Hayato Imanishi, returns with the eagerly awaited debut Cyclamen album, “Senjyu”. Fresh from the success of “Dreamers 2010” EP, Cyclamen have been steadily growing an underground following across the globe. From the early beginnings as a solo project in a bedroom, Cyclamen has evolved into a full live band, who have recently graced stages across the UK, playing with bands such as TesseracT and The Safety Fire. For the live shows, Hayato Imanishi enlisted the services of Ed Newman (bass), Nano Sigo (guitars), Olly Steele (guitars) and Duncan Lee taking the drum berth.
“Senjyu” begins with what is akin to a lullaby, ‘Mother’. The sound of a spinning top with the chimes of a music box, accompanied by the quietly overlaid vocals, sung in Imanishi’s native Japanese, combine to create an atmospheric introduction that belies what is to follow. ‘The Seeker’, by contrast, launches straight into a tech metal post hardcore tirade, pausing after a minute or so to introduce the ambient side of Cyclamen, with clean atmospheric vocals. With the ambient interlude over, the tech metal and screaming vocals return. ‘Thirst’ is a two minute onslaught of djent riffs, screaming vocals, rolling bass and pounding drums, with the now customary ambient interlude midway through.
‘Hope’ restores the calm with clean ambient vocals, with lightly distorted guitars alongside gentle percussion. The song steadily grows and has a full sound but loses none of the ambient atmosphere. ‘Comfort’ has an altogether different feel with upbeat jazz guitar riffs, fast paced drums, with Imanishi’s ambient vocals climbing above the music. ‘With Our Hands’ takes a trip back down the heavier path with a return to the tech metal post hardcore sound from the get go, the vocal raucousness then subsides for another brief ambient interlude but the music keeps its intensity, the track culminates in a dark place with an eruption of death metal! ‘Grand annihilation’ continues along the darker path with heavy Meshuggah-esque riffs, fast, heavy drums and screaming vocals.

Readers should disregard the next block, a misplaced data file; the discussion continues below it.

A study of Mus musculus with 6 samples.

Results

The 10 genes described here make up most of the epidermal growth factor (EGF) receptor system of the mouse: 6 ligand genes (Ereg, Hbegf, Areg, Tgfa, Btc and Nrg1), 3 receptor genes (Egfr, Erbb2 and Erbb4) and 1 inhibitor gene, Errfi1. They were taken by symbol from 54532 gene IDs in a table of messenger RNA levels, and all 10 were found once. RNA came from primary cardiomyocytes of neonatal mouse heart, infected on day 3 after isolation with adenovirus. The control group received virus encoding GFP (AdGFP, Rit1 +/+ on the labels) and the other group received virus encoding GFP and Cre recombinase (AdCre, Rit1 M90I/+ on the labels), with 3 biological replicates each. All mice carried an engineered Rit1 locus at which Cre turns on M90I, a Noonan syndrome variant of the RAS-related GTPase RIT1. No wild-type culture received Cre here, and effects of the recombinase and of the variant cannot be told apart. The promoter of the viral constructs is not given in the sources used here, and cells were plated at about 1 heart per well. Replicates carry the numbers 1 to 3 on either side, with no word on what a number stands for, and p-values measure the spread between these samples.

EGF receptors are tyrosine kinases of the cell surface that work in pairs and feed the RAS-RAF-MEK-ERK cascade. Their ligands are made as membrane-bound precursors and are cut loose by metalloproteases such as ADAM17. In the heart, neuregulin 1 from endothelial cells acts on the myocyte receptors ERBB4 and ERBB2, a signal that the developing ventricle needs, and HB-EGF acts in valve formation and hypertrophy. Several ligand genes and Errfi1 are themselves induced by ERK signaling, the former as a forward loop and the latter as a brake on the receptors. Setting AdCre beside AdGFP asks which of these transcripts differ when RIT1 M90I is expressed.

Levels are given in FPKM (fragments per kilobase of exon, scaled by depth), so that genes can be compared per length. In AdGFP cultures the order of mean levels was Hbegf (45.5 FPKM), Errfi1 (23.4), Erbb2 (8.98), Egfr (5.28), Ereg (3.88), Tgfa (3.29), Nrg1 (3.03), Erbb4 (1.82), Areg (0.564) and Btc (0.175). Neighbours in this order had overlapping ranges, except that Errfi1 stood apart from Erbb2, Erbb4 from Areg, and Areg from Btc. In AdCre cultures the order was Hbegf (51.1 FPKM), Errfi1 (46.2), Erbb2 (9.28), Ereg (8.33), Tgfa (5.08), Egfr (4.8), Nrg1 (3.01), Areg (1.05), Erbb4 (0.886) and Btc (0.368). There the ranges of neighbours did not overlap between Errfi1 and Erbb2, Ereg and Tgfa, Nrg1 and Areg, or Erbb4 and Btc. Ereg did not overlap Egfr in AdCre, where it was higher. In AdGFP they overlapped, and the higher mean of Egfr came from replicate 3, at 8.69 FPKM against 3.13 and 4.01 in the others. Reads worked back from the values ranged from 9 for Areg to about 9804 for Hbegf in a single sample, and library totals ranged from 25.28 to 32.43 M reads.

‘Devoid’ turns another corner with its slow pace and haunting atmosphere, it has the feel of Bohren & Der Club of Gore about it, reinforced by the melancholic piano lines over the top. It shakes the Bohren feel half way through when the guitar joins in, adding to the dark feel that is already well established. With a couple of minutes to go the track fills out with more guitars and becomes reminiscent of shoegazing stalwarts Slowdive crossed with 65daysofstatic. The result is fantastic… ‘Hellrise’ is as different again, under two minutes of instrumental music that doesn’t really go anywhere but it does have a rather nice slice of bass in it.
‘Revenge (of the Geeks)’ returns to the off beat djent riffs, atmospheric interludes, swirling guitars, staccato drum beats and the clever mix of clean and screaming vocals. Albeit for less than two minutes… Title track ‘Senjyu’ is a journey into ambience, an utterly amazing track that again harks back to the likes of Slowdive. A brilliantly orchestrated piece that is both atmospheric and uplifting at the same time. The album closes with ‘Full Moon Night’, with a rather sinister sounding introduction before the song truly kicks in. More staccato riffs and screaming vocals are followed by another ambient interlude before the chaos reigns supreme once again.
“Senjyu” is a smorgasbord of styles that when put together could quite easily go wrong but Cyclamen manage to fit all the pieces together to create a wonderfully crafted debut album. True, there are parts that feel a little flat but they are far outweighed by the stellar moments!